Savers who miss out on better rates of interest

SAVERS need to be vigilant about the rates of interest they are earning on their deposits.

Thousands still have money in outdated accounts that have been superseded by ones paying better rates of interest. Under pressure from their ombudsmen, banks and building societies are doing more to publicise new, higher-paying, accounts, but some people are still missing out.

Lucy Cole, of Maidstone, Kent, is furious that Abbey National recently accepted nearly pounds 40,000 into an account that was theoretically closed to new investors in 1988. Deposits on this account are now earning a paltry 0.5 per cent, just 0.375 per cent after tax is deducted.

Mrs Cole kept just a few hundred pounds in the Saver account until 22 July this year, when she deposited pounds 6,000. Shortly afterwards she put in pounds 33,000, bringing the balance up to just under pounds 40,000.

She did not discover what the interest rate was until this week.

The bank apologised and offered to switch the money into an Instant Saver account, where it will earn 5.1 per cent gross, (3.825 net), and backdate interest. A spokeswoman said the bank had taken steps to publicise its interest rates - by sending leaflets with annual statements, for example - and staff were trained to alert customers to better rates. Mrs Cole must have slipped through the net.

Mrs Cole does not recall receiving information from the bank about new accounts with higher rates, but as she points out: 'You receive so much bumph that it would be easy to miss the information.'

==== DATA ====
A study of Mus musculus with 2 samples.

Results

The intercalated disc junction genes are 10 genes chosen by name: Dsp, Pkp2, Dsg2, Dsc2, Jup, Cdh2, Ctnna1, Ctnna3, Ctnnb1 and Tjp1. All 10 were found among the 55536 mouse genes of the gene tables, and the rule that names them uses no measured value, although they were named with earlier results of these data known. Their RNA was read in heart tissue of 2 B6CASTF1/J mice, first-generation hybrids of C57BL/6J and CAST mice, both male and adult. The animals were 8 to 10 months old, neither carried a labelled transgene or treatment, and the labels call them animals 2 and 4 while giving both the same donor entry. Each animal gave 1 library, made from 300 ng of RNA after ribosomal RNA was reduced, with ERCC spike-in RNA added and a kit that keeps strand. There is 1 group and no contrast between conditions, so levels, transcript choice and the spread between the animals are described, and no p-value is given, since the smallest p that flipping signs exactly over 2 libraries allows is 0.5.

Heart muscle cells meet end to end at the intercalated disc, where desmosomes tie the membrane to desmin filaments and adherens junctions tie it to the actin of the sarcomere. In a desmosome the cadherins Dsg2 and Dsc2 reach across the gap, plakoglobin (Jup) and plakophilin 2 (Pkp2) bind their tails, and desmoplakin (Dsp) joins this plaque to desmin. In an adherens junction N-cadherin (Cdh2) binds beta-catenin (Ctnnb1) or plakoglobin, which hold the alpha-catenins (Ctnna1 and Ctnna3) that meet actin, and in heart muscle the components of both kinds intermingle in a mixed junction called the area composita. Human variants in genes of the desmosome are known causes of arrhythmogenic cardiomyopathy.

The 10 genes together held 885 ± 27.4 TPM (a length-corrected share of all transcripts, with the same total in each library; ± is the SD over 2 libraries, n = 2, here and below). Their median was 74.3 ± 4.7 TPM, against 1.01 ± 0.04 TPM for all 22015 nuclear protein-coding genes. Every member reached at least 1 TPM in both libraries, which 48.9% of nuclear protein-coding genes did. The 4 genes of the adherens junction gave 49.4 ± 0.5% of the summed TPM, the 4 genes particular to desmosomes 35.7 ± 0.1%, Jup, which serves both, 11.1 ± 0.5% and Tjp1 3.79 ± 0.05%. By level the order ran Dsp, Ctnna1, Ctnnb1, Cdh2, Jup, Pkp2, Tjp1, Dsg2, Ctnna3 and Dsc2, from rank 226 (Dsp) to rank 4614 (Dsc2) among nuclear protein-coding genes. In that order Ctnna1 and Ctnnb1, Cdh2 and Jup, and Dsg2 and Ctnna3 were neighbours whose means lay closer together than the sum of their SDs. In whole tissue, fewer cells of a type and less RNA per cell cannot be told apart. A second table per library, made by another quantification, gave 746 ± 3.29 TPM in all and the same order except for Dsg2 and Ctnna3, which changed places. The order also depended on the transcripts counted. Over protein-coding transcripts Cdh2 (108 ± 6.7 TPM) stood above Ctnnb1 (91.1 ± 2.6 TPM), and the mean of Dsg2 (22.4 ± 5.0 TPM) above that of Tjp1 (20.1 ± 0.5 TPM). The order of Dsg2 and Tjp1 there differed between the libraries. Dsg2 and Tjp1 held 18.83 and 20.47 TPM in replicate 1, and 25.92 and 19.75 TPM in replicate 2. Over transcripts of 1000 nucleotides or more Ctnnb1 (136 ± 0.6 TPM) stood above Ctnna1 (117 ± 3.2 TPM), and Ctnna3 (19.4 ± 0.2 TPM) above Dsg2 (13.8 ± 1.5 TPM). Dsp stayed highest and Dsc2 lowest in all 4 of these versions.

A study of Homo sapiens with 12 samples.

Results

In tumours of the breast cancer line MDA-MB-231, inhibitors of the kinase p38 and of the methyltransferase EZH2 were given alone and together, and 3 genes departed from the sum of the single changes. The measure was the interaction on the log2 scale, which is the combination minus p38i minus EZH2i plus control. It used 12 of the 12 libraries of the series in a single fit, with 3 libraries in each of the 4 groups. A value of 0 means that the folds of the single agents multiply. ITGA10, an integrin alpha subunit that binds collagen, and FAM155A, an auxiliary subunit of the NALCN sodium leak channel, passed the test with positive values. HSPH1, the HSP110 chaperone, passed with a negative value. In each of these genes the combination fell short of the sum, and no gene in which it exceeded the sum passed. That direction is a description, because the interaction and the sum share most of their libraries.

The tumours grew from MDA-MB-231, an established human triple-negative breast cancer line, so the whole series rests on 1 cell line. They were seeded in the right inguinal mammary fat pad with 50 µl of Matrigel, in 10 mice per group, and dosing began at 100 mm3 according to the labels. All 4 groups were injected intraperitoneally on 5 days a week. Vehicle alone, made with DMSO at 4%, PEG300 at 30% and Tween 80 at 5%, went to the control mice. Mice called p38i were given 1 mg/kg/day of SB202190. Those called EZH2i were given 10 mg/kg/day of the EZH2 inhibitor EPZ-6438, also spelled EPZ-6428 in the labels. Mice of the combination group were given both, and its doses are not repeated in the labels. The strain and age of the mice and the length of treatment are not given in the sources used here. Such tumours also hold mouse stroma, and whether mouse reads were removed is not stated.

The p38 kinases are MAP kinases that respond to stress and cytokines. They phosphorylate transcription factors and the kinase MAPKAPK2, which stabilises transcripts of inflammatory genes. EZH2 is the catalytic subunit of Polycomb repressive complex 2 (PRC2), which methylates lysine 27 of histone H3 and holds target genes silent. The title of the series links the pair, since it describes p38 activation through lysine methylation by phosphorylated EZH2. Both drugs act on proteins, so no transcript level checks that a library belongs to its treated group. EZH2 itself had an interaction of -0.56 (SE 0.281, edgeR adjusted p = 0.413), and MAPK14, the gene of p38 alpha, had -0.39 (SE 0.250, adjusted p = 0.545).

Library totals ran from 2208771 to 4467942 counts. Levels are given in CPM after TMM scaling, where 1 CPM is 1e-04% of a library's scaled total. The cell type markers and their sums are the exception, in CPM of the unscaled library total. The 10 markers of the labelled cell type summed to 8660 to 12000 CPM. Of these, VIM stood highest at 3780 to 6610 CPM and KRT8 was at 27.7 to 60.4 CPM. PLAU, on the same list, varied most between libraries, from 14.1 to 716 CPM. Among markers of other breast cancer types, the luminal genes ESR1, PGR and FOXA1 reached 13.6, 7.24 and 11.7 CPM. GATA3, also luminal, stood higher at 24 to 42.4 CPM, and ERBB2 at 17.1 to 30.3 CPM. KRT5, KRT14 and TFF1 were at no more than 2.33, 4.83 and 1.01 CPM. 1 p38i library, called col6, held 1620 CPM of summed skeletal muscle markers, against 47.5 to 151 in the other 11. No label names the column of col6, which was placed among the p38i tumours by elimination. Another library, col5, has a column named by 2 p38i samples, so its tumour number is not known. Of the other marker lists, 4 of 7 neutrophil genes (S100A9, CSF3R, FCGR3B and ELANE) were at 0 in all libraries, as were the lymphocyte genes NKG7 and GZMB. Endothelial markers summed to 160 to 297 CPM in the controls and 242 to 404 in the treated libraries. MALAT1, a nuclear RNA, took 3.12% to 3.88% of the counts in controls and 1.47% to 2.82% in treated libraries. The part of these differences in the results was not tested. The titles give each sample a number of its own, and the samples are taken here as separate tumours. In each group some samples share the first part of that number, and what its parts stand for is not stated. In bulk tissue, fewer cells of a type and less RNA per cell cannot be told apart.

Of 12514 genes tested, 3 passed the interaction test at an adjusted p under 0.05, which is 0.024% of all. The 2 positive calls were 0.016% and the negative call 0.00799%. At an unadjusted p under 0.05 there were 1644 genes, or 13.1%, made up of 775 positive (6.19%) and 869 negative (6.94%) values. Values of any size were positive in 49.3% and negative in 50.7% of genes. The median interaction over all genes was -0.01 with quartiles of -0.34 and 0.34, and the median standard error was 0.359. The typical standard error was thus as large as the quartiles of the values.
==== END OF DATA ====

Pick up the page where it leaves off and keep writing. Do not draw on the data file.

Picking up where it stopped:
She has had a much better experience with Nationwide Building Society where, she says, the staff have pointed her to higher- paying accounts. This is ironic since Nationwide suffered fierce criticism and complaints to the building societies ombudsman over its treatment of savers stranded in old accounts.

Nationwide may have got the message across to Mrs Cole, but appears not to be doing so for all savers. Another Independent reader complained this week that his parents, both in their eighties, had money earning a pittance with this society and with Cheltenham & Gloucester.

These elderly people, relying on their savings for income, had pounds 10,000 in C&G's Premier monthly income account earning 3.57 per cent gross (2.68 net) when it could be earning 6.08 (4.56 net) in the monthly income version of the London Share account or 6.3 per cent (4.725 net) in the Instant Seven account.

A spokeswoman for the society said branch staff were briefed to tell savers if there were better rates available. People with money in the Premier account could transfer it without penalty.